3D Printers

M3D CEO gives more details about the new M3D Promega 3D printer

The M3D Promega 3D printer is a new, large-format printer that launched this past June. Five months into its pre-order campaign, we’re happy with the response so far: over 660 printers sold, the equivalent to about 15% of the professional market (considering ~4,000 professional 3D printers are sold per quarter). In this article, we’ll look closer at features that illustrate why the Promega is going to shake up the ‘prosumer’ and professional 3D printing industries.

Build volume

The first thing that stands out about the Promega is its size and space efficiency. The printer stands at 20”x20”x22” itself, and encloses a 15.3”-cubed build volume, making it one of the largest build volumes in its $2000-$4000 price tier. It’s also worth noting that the design enables over 40% of the Promega’s volume (close to 75% per dimension) as actual build volume, quite possibly making it the most space-efficient 3D printer in its class.

M3D Promega's Build Dimensions.
M3D Promega’s Build Dimensions.

Extruder Subsystem with compound hot-ends

The Promega’s extruder sub-system consists of two Nema motors with  303 stainless steel direct-drive gears, and multiple slim profile blowers that we call a “Blade” fan system. This allows users to print in a variety of hardware setups and software settings with consistent, quality results.

Air Flow in the Promega's Extruder
Air Flow in the Promega’s Extruder.

Additionally, we are offering our own hot-end solutions, called K’tana and Compound. Both use 303 stainless steel, are seamless from where filament enters to its exit (so they’re leak-proof) and can be used without having to re-calibrate the height after nozzle changes. The K’tana is a multi-color, dual-nozzle hot-end and the Compound is a single mixing-nozzle hot-end that allows co-extrusion of various printing filament and separate support material, dual-color mixing, or multi-material mixing.

Promega backers can select either hot-ends, or upgrade to have both. These new hot-ends are open-source compatible, to allow printing with normal open-source hot-ends, or our new solutions.

Z Platform

Another interesting feature of M3D’s Promega is its Z-Platform. Designed to look like a ‘floating bed’, it rides along rails as concealed belts move the system, reducing wobble compared to leadscrew-driven designs.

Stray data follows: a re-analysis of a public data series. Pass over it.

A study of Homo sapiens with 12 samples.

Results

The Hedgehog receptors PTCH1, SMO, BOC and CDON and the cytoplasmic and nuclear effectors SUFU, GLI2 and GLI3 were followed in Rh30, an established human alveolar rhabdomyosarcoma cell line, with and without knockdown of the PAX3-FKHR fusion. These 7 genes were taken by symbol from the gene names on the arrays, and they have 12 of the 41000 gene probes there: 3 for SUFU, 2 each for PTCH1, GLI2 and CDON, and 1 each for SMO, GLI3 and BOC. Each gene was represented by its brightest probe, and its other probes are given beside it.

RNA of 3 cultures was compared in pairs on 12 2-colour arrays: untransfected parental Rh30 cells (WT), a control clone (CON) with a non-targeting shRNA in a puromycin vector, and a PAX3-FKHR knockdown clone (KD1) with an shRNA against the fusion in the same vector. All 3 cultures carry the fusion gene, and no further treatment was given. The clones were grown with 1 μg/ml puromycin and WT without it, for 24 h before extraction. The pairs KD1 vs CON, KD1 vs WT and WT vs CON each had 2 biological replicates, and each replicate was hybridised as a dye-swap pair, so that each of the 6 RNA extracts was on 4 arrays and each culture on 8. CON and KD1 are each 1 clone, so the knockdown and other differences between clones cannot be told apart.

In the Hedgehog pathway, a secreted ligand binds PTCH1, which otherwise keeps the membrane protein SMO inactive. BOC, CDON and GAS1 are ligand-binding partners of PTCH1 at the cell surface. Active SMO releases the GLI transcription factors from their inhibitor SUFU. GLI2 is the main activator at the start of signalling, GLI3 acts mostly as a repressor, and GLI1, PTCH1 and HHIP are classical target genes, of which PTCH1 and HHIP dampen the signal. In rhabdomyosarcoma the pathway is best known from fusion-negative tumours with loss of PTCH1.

CoreXY Gantry System

The extruder is driven by a CoreXY motion system, granting better agility (faster cornering), accuracy (elimination of torsional stress and backlash) and print quality (reduced surface moiring). It is also responsible for the Promega’s fast print speeds (up to 300mm/s for motion and typical printing between 40-80mm/s) and allows the Promega to maintain direct-drive extrusion on the printhead and printing in flexible materials, rather than using a Bowden feed. Further, the Gantry motors and belt tensioning mechanisms are easily accessible for ease of maintenance and tuning.

Heated Bed

Our approach to the heated bed is truly novel. Called an ‘Ecoheat’ heated bed using Flareline technology, the bed uses a grid of heated ‘flarelines’ run throughout an insulated bed which heat it locally, similar to how a car’s rear windshield defrost system works. The lines heat up quickly and maintain temperature with much less energy than traditional systems, while still providing consistent, superior heating across the bed.

Our heated bed reduces energy costs from 66-83%. To maximize the savings, users can select a single-zone option, heating just the center of the bed for smaller prints. The design is patent pending, making it maybe the only part of the printer that is not completely open source.

M3D's Patent-Pending Dual-Zone EcoHeat Heated Bed and Chamber.
M3D’s Patent-Pending Dual-Zone EcoHeat Heated Bed and Chamber.

Heated Chamber

While the bed has been engineered to retain much of the heat, a heated chamber is realized from the combined effects of the bed and space-efficient enclosed frame. A programmable exhaust fan allows for a controlled heated build chamber up to about 60°C. This will help prevent warping, critical for large prints, where thermal contraction effects are amplified.

Duet 2 Maestro

Last but not least: electronics. The open-source nature of the Promega gives users flexibility and control in the way they operate and maintain this 3D printer, with respect to software, hardware and firmware. This also allows customers to customize and expand as desired.

A big update we recently announced is a partnership to create a Duet3D board, specifically for M3D’s Promega. We are finalizing an agreement with Duet3D developers but the board should have the native ability to manage a mixing extruder, ethernet and USB connections, Trinamic motor drivers to give super-quiet operation, with 1/256 microstepping, among other features.

The Promega is currently at $1,810 and will eventually hit $3,500 at the end of the campaign. So far, the project has brought in upwards of $800,000, already making it one of the top-grossing pre-order campaigns for a 3D printer this year. We are so excited about the Promega’s reception and and thankful to our Backers who are making it a serious mover in the Professional category already. More information on the Promega can be found on our site and the FitForLaunch project page.